The music stopped on the morning of Sunday, June 10, 2018, for reggae maestro Ras Kimono. A day earlier, the 60-year-old was to travel to the United States probably to also look after his health, but he had to wait because, he said, he was “feeling funny”. He was taken to a private hospital in Lagos and then to another. He couldn’t make it.
For almost 30 years, Ras Kimono [birth name = Ekeleke Elumelu] was recognised as a reggae legend not just in Nigeria but throughout Africa. His solo debut album Under Pressure  was a huge success, but What’s Gwan  proved even more successful. Both the old and the young enjoy his music brand which could rightly be described as the “Rum-Bar Stylee” depicted in the title of one of his popular hit songs, a mixture of Jamaican and African brew.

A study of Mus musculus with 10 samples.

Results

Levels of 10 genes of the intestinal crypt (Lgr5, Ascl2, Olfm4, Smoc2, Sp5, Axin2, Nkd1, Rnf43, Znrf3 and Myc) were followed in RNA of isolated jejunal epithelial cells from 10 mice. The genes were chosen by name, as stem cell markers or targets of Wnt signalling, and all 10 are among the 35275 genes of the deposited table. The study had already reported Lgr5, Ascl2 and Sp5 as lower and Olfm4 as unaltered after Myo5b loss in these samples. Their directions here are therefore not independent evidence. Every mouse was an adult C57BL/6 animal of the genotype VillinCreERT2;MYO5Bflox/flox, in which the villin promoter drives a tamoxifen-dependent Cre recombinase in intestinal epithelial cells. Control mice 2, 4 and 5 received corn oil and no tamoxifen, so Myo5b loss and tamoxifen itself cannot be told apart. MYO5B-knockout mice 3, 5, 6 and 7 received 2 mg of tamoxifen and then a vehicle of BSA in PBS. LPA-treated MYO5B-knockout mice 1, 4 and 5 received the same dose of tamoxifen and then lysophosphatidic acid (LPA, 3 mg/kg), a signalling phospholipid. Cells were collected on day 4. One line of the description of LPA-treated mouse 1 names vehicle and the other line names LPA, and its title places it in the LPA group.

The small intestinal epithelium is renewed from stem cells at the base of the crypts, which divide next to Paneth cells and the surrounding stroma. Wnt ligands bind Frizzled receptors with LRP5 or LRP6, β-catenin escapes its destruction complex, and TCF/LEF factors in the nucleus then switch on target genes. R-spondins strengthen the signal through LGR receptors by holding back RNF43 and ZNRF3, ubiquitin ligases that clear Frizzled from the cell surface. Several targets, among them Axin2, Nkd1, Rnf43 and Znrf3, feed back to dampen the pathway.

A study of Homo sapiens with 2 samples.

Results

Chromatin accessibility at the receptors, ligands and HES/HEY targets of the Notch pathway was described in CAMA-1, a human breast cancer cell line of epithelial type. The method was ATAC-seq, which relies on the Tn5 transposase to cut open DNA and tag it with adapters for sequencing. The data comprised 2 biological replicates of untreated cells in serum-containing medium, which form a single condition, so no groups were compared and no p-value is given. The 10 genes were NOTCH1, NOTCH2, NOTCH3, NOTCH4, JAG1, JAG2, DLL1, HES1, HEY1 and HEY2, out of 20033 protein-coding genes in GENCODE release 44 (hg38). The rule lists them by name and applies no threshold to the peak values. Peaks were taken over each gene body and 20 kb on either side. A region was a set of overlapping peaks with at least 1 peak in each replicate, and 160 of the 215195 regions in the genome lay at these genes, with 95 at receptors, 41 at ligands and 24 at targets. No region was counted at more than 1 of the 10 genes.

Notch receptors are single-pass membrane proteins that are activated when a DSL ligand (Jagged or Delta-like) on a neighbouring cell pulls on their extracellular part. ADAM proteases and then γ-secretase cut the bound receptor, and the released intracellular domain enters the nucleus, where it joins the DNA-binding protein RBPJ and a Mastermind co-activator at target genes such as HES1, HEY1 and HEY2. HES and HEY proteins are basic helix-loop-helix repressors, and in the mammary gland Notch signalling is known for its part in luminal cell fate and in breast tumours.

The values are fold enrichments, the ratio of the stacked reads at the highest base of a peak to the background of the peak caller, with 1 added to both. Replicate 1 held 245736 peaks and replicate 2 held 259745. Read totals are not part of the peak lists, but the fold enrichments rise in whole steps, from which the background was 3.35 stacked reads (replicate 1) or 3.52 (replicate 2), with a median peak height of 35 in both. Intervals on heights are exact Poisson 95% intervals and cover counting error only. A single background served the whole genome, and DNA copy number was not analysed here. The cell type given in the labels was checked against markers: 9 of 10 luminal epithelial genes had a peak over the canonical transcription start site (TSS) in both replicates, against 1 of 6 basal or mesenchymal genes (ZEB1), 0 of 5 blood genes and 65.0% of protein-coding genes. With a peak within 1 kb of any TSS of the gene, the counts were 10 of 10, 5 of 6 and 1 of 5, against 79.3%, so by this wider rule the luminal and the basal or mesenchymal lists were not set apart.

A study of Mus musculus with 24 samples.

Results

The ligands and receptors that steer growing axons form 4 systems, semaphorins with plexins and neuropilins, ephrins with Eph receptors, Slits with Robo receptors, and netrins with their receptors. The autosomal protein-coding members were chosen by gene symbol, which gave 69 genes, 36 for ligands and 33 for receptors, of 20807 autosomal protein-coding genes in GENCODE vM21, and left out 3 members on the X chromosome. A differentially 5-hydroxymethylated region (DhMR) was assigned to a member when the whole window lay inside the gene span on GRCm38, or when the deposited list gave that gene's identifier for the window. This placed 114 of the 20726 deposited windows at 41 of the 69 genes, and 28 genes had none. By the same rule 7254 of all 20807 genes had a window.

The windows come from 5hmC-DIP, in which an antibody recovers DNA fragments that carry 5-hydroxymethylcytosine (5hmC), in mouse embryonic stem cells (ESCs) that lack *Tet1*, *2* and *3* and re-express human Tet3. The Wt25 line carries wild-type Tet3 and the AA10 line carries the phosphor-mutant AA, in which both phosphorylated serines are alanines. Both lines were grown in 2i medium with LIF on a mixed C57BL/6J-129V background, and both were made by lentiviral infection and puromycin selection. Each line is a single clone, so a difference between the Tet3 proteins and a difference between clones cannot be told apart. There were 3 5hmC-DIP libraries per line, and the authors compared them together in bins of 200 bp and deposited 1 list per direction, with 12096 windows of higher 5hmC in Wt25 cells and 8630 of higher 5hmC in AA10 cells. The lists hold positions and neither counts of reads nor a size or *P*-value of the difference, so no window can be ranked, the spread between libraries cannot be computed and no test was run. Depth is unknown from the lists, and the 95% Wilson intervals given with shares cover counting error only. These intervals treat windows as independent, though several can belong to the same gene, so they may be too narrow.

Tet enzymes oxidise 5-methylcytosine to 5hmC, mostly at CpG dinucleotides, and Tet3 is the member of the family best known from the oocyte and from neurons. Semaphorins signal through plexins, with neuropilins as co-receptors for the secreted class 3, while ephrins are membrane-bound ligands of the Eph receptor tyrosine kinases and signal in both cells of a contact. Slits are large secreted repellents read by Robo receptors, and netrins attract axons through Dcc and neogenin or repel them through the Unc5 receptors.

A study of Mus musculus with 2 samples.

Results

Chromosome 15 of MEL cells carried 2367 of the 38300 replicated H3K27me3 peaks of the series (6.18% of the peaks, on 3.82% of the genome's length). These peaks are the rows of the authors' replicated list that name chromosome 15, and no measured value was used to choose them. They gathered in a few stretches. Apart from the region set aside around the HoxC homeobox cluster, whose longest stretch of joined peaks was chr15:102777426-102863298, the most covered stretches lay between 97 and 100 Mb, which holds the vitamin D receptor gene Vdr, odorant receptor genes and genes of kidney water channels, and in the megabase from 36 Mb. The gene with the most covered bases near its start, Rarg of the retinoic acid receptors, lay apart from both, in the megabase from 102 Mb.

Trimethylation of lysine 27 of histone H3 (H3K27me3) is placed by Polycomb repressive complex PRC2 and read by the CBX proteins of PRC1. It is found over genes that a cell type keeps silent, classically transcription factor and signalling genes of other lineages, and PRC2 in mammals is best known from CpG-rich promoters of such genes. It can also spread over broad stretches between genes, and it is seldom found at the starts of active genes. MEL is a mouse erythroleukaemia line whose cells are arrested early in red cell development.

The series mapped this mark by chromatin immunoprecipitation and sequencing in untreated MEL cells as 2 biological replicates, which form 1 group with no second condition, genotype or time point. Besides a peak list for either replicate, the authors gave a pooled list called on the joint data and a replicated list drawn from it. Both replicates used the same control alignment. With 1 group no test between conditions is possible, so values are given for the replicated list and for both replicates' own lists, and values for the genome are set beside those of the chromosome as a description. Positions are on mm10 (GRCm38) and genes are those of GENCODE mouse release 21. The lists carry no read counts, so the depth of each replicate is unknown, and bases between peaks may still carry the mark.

An entry in Wikipedia says his music “was greatly influenced by the poverty, inequality and hardship he witnessed in his early life” and topics he selected for his songs included “legalisation of marijuana, and the need for Africans to intellectually repel colonialism and its arbitrary boundaries between tribes”. Like his mentor Fela Anikulapo-Kuti, Ras Kimono stoked controversy by “naming directly those in power he saw as synonymous with backdoor imperialism”.
Mr Elumelu will be sorely missed by the music community as well as other people from all walks of life through the length and breadth of Africa, Europe and the Americas where, in his peak, he performed on stage.
The music legend was born in Delta State on May 9, 1958. His contemporaries include another music icon Majek Fashek. He won several awards including the Nigeria Music Awards and Fame Music Awards.